For many young adults, the new Biden administration represents more than a historic moment with a woman of color as vice president. It means the possibility of becoming legal. Thats's the case for 18-year-old Gladis, who asked that we use her first name to protect her privacy. Gladis is currently a freshman in college studying sociology with the goal of becoming a lawyer. She and her family fled Mexico in search of opportunity and safety.
Like many undocumented students, she didn’t qualify for DACA, Deferred Action for Childhood Arrivals, a program that allows some individuals to apply for a temporary legal status and become eligible for a work permit in the United States. To be eligible for the program, there are many requirements, including living continuously “in the United States since June 15, 2007, up to the present time" and being "physically present in the United States on June 15, 2012” which was not the case for Gladis. She arrived in the U.S. in 2015, making her ineligible for the program.
During his first day on the job, President Biden signed 17 executive orders, one included protecting and preserving DACA. Biden also sent a bill to Congress outlining immigration reform which would provide a pathway to citizenship. If passed, this reform would ultimately change Gladis' life forever. YR Media’s Denise Tejada sat down with Gladis to talk about how she has managed to remain positive after being told she didn’t qualify for DACA and what Biden's proposed immigration reform would mean for her and her family.
This interview was edited for clarity and length.
Denise Tejada: When did you realize that having a green card in this country was important?
Gladis: The moment that hit me the most was when I was looking for a job. I didn't realize I needed [a green card]. I don't think I realized how big of an impact it was ... I was looking for jobs and nowhere could I ever find a job. I did not know that I needed a social security [number] to just get a job. And when I finally found a job, it was the most abusive job. It was controlling and unprofessional. Management was out of hand and I was treated very poorly. But I could not leave that place because I was getting paid without a social security [number], and that's the moment that it hit me. This is what your life is going to look like, as an undocumented person living in America. No matter how much sh*t you face from other people, you cannot do anything because you are not represented in this country, you are not a person in this country, you are not valued in this country.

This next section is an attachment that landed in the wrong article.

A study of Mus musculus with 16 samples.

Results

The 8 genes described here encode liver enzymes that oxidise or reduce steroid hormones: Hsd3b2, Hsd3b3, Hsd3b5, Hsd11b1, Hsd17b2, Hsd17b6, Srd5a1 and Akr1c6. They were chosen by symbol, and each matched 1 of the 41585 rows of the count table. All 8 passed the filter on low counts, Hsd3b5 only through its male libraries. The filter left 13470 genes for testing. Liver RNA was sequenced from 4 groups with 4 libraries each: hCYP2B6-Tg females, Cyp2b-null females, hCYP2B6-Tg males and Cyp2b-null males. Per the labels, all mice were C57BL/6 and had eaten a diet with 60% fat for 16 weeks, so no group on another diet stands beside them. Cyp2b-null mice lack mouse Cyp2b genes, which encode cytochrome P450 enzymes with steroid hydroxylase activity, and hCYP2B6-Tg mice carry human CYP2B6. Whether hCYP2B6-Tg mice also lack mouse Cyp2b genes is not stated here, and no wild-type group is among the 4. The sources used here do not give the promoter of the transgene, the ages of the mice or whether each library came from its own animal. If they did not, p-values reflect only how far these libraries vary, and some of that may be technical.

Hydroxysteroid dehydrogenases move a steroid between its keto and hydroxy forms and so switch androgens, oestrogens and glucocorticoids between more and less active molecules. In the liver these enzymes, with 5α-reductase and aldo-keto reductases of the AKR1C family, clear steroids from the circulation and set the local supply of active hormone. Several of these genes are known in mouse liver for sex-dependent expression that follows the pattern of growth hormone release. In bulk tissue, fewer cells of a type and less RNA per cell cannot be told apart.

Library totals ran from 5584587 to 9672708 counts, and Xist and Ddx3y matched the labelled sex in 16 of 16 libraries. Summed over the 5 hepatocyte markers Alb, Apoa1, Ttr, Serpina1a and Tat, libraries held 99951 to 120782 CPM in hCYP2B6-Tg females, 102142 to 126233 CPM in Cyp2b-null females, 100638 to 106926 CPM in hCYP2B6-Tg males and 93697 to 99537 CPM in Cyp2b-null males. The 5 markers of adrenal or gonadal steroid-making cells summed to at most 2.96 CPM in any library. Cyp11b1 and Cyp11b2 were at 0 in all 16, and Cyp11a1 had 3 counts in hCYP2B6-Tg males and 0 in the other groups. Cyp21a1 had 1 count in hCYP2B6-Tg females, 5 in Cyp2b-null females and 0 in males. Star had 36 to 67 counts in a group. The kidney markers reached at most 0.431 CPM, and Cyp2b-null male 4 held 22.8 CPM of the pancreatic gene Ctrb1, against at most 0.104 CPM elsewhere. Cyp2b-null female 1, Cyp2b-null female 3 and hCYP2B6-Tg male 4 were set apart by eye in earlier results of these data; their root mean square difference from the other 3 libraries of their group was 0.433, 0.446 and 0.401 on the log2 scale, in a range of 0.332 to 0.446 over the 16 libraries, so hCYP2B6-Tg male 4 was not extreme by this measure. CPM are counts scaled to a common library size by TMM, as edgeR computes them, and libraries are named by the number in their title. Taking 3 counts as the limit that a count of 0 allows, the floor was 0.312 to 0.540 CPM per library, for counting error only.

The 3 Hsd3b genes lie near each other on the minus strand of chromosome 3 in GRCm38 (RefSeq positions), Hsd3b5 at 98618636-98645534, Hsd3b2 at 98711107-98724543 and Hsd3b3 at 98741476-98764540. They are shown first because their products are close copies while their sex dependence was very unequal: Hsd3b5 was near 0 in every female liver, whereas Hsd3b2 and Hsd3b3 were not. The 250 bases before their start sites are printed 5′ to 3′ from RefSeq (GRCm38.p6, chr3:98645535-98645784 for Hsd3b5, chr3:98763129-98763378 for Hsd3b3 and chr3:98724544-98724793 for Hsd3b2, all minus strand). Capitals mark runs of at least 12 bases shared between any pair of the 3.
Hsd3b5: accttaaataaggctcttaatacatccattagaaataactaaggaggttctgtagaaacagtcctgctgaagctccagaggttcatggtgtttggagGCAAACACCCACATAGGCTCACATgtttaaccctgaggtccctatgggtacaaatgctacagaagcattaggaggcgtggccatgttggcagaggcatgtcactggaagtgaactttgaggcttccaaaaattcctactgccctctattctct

DT: How have you remained positive despite not being legal?
Gladis: I am telling you, I live off of hope, I don't think I would be where I am if it wasn't because of hope. I faced a lot of hardships. I developed anxiety and depression at the age of 13 and didn't realize it. I went undiagnosed all throughout high school. And on top of that, I had to face language barriers; I had to face economic barriers and I remember the one day that I walked into my psychology class with my favorite teacher and I told them, "I am not going to college. I don't want to go to college. I don't want to keep suffering and going through what I am currently going through, but more on a college level." He said, "Don't give up because you never know what's going to happen."
I guess, as an immigrant all you really have is hope. Hope for better. Hope that one day maybe you will be valid. Hope that one day America will be a more humanitarian country and realize that we're not all rapists and criminals.
DT: What would an immigration reform mean for you and your family?
Gladis: This [makes me] smile — just thinking about the possibilities of having a document that stands by me and my family. My family [includes] the most hard working people I have ever known. They work from sunset to sundown. My mom came to this country looking for a safe haven for us, her children. The one thing that made her hesitate to leave Mexico was her job. She had a career as a nurse. [A work permit] would just mean that she would finally work in the industry that she has worked so hard to be in.
She was the only child of seven that was able to finish a career, and it's hard to see her in something that is not a nurse uniform. Having a green card would empower me so much. I love school and I want to be a lawyer. If I continue to live as an undocumented person in America and finish my sociology degree and hopefully my law degree, I would not be able to work in the United States. I would essentially have to move to a different country where I am welcomed.
DT: What was it like for you to watch Biden and Harris sworn into office?
Gladis: You know, I thought Biden would never be elected president. There was so much hate in this world, in this country, that I really didn't think that love would win, but it did. Realizing that Trump wasn't there anymore and that a woman of color was standing next to a president, a more humanitarian man, gave me the goosebumps. It made me feel calm, because even though the future is still uncertain, hate is no longer ruling. I didn't realize how much fear I had, unconsciously, with Trump as president. I felt all that fear released when I saw [Biden and Harris] sworn in.